Last weekend, I’m pretty sure I felt something under my seat: Arthur C. Clarke, fist-pumping from his grave, over the recent conjectures about Pluto.
The New Horizons probe provided scientists with the best ever photos and readings of the dwarf planet, and with those readings came a lot of confusion. The photos suggested that Pluto’s surface was not just a frozen shell of some chemicals or other, but an active surface, in motion that suggested subsurface activity. How could that be?
Scientists put their heads together, and a theory was formed based on an odd property of water ice: When ice freezes, it can actually give off small amounts of latent heat. In a large enough area, that can mean measurable heat. This property applies to other chemicals besides water, and scientists surmised that all the frozen materials on Pluto may also be giving off latent heat below the surface as they freeze. This heat is enough to liquify some of the chemicals on Pluto’s surface, causing convection-based movement of the type observed by New Horizons.
And where there is heat and liquified elements, there is often the potential to support life. This is not to say there is life on Pluto… merely that it is entirely possible that Pluto could support life. Scientists previously assumed a planet so far from the Sun could not support liquid elements, and therefore could not support life. In other words, it was well outside of the so-called “habitable zone” within which it was believed there would be enough heat and liquid water for life to survive. In the Solar System, planets from Venus outward to some of Jupiter and Saturn’s moons were considered within the boundaries of that habitable zone, and no planets or moons outside of the zone could support life.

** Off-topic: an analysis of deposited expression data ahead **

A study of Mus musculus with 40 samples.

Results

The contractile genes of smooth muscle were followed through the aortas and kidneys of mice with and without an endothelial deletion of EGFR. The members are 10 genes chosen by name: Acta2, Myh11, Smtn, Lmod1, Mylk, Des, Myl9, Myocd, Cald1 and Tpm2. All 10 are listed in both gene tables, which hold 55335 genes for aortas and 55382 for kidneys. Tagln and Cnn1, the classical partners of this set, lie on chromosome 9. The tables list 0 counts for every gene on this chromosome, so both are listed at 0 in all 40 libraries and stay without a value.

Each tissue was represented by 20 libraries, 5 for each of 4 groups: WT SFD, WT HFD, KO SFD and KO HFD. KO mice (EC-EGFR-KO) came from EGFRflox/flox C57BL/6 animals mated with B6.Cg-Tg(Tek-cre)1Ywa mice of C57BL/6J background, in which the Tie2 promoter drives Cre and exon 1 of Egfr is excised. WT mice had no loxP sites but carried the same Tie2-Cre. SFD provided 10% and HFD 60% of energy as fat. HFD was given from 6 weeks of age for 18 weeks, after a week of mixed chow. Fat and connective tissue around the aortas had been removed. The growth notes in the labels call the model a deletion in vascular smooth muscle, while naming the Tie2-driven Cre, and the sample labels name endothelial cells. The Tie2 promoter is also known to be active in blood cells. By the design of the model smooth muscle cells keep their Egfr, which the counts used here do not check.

The discovery that Pluto has the right elements to support life essentially widens that habitable zone by a significant distance.
Clarke was an avid diver for a significant part of his life, and spent a lot of time under the waves, where some of the more extreme forms of life exist, many essentially unchanged for millennia. He was elated when scientists, investigating undersea hydrothermal vents, discovered bacteria that managed to live off the incredible heat and toxic minerals ejected from the vents, in areas previously assumed to be hostile to life. This bolstered his opinion that life was much more likely to exist off Earth and throughout the cosmos than had been accepted by scientists. Evidence of microorganisms that manage to survive in in the cold and dark deep under the Antarctic ice were discovered five years after Clarke’s death, but surely he would have been further encouraged by the news.
The news about Pluto, further widening the habitable zone by about 2.8 billion miles (2.8 billion miles is roughly the distance from the Sun to Neptune… so another 2.8 billion miles past the orbit of Saturn), could have been enough to cause Clarke to rise out of his grave and give a whoop of joy. As I learned of this through a program on the Science Channel, I was sure I could feel Sir Arthur’s hand pushing up at me through my sofa as he said, “Told you. Didn’t I tell you? Told you.”
As the esteemed Dr. Ian Malcolm once coined, “Life—uh—finds a way.” And if there are much wider ranges where planets can conceivably support life, there is a much larger possibility that there is life out there, possibly in a wider variety of forms than previously thought possible, within this Solar System or beyond it in other star systems. Our expected chances of someday finding extraterrestrial life have gone up significantly.